David Stehman ’17 / Emertainment Monthly Staff Writer
Speaking at NYCC’s “Cosplay Rule 63” panel on Thursday were Kim Possible, Garnet, and The Doctor. What they were not were “The Male Latino Kim Possible,” “The Male Garnet,” or “The Black Female Doctor.”
Cosplay is a cultural must at Con, and has since the early days of Fandom during Trekkie conventions in the 60s. But what happens when gender boundaries are crossed to become one’s favorite characters? That’s when the problems arise.
Jay Justice, sporting a flawless Doctor cosplay, a role traditionally played by men in the TV series Doctor Who, distinguished the different types of gender-defying cosplay, “Cross-play is when someone interprets the character as a different gender.” An example of this is a man dressing up as a male version of Black Widow.
Gender-bending, on the other hand, is simply dressing up as the character, despite one’s gender identification. Jay explained a scenario when she was harassed for “crossplaying” as “The Female Bruce Banner,” which was accused of being non-canon. Jay retorted by establishing that she was portraying “She-Hulk,” countering with “Stan Lee created her before you were born. It’s canon!”
The debate over cosplay genders stems from the same issues Drag performers face. When you gender-bend cosplay, you are the gender of the character, despite your preference outside the Con. When you cross-play, you could could maintain your gender preference, but fight canonical portrayals loved by devoted fans. Both sides face harassment.
Gender-benders have problems, since part of the performance requires you to identify as the character themselves. Bryan Vasquez, cosplaying as a fabulously extravagant Kim Possible, gave an anecdote about using the Men’s room to change into a cosplay and the anxiety he faced leaving the stall, dressed as a different female character, to the shock of male congoers.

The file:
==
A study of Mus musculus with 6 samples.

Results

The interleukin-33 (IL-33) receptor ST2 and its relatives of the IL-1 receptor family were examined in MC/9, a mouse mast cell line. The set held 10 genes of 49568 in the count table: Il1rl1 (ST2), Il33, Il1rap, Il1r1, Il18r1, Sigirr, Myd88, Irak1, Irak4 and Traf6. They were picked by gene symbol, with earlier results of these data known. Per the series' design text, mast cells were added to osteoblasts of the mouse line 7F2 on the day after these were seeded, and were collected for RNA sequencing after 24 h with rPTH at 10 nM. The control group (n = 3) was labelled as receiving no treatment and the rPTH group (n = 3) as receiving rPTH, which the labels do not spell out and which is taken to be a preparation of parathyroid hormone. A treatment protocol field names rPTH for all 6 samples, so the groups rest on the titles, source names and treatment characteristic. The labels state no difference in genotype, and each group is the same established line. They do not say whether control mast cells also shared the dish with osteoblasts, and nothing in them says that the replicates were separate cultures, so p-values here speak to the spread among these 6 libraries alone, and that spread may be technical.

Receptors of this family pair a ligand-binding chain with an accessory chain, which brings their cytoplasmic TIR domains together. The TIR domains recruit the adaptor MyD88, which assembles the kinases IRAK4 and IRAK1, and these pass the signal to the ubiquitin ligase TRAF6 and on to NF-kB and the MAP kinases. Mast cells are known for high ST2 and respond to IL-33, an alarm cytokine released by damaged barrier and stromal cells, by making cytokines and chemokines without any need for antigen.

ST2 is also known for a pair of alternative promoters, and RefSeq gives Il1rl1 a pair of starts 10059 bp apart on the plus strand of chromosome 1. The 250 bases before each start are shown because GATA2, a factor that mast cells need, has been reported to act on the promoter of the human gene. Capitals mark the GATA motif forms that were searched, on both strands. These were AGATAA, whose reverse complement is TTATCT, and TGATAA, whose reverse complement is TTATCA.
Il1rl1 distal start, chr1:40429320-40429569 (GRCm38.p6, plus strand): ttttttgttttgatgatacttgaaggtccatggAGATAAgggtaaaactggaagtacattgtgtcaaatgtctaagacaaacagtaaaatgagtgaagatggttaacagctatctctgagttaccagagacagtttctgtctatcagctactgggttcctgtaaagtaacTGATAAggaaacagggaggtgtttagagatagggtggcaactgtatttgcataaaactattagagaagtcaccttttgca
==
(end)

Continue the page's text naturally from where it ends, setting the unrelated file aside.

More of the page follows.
Cross-play faces opposition as well. “Female Captain America” and “Male Lara Croft” are perfectly acceptable costume choices, but only if they really are cross-playing. A trans woman with masculine body features might be accused of cross-playing a male version of a female character, without realizing she is not portraying “Male Princess Peach” but “Princess Peach” herself.
Even if a cross-player does dress against their gender preference, they face issues of a different kind. Tony Ray, dressed as Garnet, amazing shades and all, talked about anxiety walking through his neighborhood, one he describes as “uber masculine,” cross-playing as a woman.
“Try going to Con with a friend,” Bryan said. “You could aways use someone to hold your shoulder and get you through this. It’s better than trying to cross-play for the first time alone. Support is necessary.”
“What we want to give is a safe space for you express your character the way you wan,” Jay concluded. “Authenticity isn’t important, just as cheap fabric doesn’t equal a real superhero uniform or a wig equals real hair. At Con, no one should be focused on who the person is underneath the cosplay. You should only be addressed as your character. You don’t say that’s a woman or a man. You say that’s the Cap.”